The Big Picture
Used (somewhat inaccurately) to describe the entire area immediately southeast of the river, "Anacostia" comes from the anglicized name of a Nacochtank Native Americans settlement that was an active trading center in both pre- and Colonial times. The core of today's Historic District (designation: 1978) was incorporated in 1854 as "Uniontown"; the first subdivisions were designed to be affordable for workers from the nearby Navy Yard. Anacostia became part of Washington proper when the city and larger District became coterminous in 1878. The need during World War II-era to house a huge influx of government employees accelerated development tremendously.
Located in Ward 8, Anacostia (specifically, the Historic District) is bordered by Good Hope Road to the north, 22nd Street to the east, Erie Street and Morris Road to the south, and Martin Luther King, Jr. Avenue to the west.
McPherson Square: 35-45 minutes by bus or Metro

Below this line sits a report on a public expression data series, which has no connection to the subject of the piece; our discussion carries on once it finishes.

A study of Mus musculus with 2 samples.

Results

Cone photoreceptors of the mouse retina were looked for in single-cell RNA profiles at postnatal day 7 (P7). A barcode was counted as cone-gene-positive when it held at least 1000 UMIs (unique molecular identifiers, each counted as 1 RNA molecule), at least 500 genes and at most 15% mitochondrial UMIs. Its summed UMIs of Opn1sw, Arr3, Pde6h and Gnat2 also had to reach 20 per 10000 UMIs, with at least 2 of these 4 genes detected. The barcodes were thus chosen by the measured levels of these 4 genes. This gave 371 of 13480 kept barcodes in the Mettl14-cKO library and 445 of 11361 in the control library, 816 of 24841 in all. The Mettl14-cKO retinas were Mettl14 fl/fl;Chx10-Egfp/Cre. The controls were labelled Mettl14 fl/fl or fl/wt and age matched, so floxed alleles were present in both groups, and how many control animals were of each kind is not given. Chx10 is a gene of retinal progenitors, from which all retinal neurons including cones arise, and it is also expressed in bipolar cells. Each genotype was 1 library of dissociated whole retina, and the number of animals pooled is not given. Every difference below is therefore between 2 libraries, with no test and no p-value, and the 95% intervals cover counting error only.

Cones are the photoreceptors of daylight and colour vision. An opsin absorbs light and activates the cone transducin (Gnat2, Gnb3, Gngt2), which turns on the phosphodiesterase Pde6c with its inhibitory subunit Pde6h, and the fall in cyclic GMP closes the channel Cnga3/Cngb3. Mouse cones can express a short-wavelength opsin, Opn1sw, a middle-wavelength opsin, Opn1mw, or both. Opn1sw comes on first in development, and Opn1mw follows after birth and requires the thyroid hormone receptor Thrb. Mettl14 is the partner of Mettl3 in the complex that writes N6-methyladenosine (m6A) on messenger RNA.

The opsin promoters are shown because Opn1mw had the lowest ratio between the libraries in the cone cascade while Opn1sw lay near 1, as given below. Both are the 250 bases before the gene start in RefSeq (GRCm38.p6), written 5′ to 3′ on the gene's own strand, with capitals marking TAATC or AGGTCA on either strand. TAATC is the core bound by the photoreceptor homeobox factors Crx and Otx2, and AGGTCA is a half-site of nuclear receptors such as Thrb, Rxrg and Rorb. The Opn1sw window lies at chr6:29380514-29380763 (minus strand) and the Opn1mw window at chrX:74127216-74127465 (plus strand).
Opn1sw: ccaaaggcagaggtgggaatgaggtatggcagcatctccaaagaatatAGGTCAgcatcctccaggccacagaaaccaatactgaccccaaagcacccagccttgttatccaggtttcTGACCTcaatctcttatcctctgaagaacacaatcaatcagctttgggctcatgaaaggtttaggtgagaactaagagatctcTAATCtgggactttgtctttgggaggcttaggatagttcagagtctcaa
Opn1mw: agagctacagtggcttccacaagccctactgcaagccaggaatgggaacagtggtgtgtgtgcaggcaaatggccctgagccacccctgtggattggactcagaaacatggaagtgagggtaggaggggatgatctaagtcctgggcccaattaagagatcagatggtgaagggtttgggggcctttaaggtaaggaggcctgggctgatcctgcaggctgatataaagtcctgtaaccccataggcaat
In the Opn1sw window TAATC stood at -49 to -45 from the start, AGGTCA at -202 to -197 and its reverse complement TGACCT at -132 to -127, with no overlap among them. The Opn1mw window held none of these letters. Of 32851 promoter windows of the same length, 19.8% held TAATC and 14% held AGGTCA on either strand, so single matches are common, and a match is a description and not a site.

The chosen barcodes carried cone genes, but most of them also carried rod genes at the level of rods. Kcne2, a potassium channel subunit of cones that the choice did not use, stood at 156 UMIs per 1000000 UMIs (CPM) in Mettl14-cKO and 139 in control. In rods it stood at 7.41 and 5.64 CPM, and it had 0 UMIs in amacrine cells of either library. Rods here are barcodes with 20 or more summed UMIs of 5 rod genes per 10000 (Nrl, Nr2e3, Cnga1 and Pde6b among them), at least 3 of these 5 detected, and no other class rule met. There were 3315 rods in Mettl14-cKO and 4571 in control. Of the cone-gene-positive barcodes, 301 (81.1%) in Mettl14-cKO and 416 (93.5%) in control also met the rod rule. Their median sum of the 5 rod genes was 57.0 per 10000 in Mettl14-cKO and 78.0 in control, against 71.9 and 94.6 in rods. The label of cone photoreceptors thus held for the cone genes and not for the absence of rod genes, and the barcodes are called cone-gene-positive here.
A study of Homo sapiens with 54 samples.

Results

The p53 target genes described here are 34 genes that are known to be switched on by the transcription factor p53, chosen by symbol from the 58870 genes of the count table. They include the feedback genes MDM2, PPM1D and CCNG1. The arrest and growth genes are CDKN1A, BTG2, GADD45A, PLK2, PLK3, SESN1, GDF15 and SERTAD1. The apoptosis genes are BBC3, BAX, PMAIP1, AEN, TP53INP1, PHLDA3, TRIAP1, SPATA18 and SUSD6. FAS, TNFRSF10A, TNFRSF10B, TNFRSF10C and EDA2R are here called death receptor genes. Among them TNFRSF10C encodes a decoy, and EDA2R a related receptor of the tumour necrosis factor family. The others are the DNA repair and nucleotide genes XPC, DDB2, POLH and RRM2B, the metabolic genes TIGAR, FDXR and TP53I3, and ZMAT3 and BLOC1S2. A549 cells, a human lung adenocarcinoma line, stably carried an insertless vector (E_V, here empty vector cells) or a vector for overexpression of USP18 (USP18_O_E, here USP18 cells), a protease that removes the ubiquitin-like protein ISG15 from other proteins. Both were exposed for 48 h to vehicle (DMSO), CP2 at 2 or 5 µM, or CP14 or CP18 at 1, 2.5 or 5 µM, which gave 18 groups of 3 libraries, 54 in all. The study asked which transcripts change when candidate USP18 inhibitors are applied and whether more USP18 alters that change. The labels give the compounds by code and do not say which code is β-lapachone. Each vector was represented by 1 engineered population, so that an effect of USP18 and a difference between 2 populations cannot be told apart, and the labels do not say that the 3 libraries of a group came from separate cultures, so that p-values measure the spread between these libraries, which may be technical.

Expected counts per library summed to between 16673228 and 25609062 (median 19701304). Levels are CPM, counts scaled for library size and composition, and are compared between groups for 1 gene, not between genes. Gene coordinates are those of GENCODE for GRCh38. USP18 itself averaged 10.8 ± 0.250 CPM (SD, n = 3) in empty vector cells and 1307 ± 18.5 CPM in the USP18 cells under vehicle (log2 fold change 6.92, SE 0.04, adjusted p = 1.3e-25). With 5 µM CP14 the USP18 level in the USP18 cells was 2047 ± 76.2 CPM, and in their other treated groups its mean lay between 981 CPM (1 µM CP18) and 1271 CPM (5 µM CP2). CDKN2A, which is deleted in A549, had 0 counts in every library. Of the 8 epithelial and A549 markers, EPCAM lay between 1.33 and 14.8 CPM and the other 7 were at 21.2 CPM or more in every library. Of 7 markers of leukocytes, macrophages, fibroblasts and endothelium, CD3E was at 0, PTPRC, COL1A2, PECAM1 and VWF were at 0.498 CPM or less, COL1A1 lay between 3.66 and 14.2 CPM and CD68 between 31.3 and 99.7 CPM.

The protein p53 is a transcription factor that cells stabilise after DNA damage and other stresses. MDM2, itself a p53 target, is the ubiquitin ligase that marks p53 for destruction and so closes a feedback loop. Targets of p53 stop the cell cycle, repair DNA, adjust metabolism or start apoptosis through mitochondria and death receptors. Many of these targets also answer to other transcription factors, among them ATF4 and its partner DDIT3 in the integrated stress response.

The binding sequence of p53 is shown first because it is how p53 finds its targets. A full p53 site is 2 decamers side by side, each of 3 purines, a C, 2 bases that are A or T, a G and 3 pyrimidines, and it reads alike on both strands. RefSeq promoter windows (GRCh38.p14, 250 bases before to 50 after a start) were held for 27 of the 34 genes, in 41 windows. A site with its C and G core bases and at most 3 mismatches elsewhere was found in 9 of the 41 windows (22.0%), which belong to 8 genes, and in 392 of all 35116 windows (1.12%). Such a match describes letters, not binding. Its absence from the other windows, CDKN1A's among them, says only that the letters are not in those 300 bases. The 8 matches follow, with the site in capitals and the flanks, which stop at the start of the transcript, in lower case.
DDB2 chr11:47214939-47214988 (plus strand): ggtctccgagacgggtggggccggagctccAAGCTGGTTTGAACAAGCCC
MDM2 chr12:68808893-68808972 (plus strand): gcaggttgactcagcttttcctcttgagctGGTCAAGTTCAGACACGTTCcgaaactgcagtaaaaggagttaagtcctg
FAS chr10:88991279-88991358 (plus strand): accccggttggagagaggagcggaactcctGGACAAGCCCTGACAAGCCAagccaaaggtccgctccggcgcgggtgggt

Nationals Park: 10-20 minutes by bike
National Harbor: 15 minutes by car
Buses: 94, A2, A4, A6, A8, A9, W2, W3, W6, W8, DC Circulator
Bikeshare Stations: 5
Anacostia (Green): 10-20 minutes by foot
A Special Place
While predictions about Anacostia's death and/or rebirth come and go, there are ongoing signs of progress,; Meanwhile, the Historic District retains much of its mid-to-late 19th-century low scale, working class character; nearby, THEARC offers terrific, community-focused performance and other artistic programs.
It's true: Abolitionist Frederick Douglass, often called the "Sage of Anacostia" (also, the "Lion of Anacostia") lived in the area from 1877 until his death in 1895. Today, his "Cedar Hill" estate constitutes the Frederick Douglass National Historic Site.
home sweet homes
The District of Columbia's largest collection of late-19th and early-20th century small-scale frame and brick housing in the Historic District especially; more varied beyond.